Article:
US President Donald Trump recently met with executives from a number of pharmaceutical companies to discuss progress on their efforts to develop a vaccine against COVID-19, as well as work on treatments for the novel coronavirus. "They're really working hard and they're working smart. We had a great meeting with a lot of great companies," Trump said.
Speaking after the meeting, which included executives from GlaxoSmithKline, Gilead Sciences, Inovio Pharmaceuticals, Moderna and Regeneron Pharmaceuticals, Trump suggested that therapies for COVID-19 are likely to be available before a vaccine. "They're going to have vaccines, I think, relatively soon, and they're going to have something that makes you better, and that's actually going to take place even sooner," Trump remarked.
At the meeting, Trump pushed the pharmaceutical executives to speed work on a vaccine, adding "I don't know what the time will be. I've heard very quick numbers, that of months. And I've heard pretty much a year would be an outside number." However, Antony Fauci, head of the National Institute of Allergy and Infectious Diseases, clarified to the president that a deployable vaccine "is going to be, at the earliest, a year to a year and a half, no matter how fast you go."
John Shiver, senior vice president of global vaccine R&D at Sanofi, who attended the White House meeting, also cautioned over the timeline for developing a vaccine. "We think there are good tools and approaches at hand that will find success, but we should not be too overconfident that this can happen quickly," Shiver said, although he agreed that a therapeutic could be developed in "months or a very short amount of time, a year or so."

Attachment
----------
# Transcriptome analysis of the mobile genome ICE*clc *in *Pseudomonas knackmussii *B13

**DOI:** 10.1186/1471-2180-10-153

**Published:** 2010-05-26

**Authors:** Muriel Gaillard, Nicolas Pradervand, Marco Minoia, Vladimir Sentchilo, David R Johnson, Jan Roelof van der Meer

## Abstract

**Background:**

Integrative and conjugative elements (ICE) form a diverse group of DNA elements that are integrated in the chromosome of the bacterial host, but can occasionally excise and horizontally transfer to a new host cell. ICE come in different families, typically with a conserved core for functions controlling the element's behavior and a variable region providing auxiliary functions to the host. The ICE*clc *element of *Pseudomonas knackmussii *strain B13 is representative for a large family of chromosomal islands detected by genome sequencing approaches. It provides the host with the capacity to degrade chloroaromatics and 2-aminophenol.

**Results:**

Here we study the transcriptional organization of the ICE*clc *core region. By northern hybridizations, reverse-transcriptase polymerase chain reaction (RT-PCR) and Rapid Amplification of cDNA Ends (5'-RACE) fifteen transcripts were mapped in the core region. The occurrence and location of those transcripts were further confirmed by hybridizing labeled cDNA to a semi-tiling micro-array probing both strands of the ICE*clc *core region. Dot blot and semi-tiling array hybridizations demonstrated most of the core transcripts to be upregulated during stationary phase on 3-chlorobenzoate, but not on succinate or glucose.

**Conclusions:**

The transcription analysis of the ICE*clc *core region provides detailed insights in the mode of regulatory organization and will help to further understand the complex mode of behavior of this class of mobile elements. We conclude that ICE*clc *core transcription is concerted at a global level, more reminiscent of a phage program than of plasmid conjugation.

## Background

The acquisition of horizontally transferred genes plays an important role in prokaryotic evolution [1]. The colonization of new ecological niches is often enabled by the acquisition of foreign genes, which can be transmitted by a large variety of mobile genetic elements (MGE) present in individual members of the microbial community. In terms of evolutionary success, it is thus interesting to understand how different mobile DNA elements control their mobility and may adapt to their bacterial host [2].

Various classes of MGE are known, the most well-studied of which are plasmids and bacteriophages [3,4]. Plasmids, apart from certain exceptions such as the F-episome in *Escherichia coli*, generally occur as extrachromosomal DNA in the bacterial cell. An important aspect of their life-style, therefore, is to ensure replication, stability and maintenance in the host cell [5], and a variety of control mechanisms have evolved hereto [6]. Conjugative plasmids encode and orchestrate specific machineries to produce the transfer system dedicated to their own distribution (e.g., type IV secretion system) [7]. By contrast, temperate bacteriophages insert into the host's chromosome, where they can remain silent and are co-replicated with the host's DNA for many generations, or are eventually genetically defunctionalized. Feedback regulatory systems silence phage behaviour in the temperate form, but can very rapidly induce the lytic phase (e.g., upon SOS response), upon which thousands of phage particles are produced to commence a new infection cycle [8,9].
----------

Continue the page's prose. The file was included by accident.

Pfizer chief scientific officer Mikael Dolsten also attended the meeting, with the company recently disclosing that it has identified some antiviral compounds that have the potential to inhibit coronaviruses. The drugmaker indicated that it is engaging with a third party to screen the agents, which if positive, could lead to testing by the end of the year.
According to Shiver, he also heard from fellow participants at the meeting that "a lot of progress has been made early on," adding "the more approaches being tried will increase our chances of success." Meanwhile, Inovio CEO Joseph Kim indicated that Trump told the executives to contact him directly if they encountered holdups within the federal government.
For related analysis, see ViewPoints: Biopharma goes to Washington.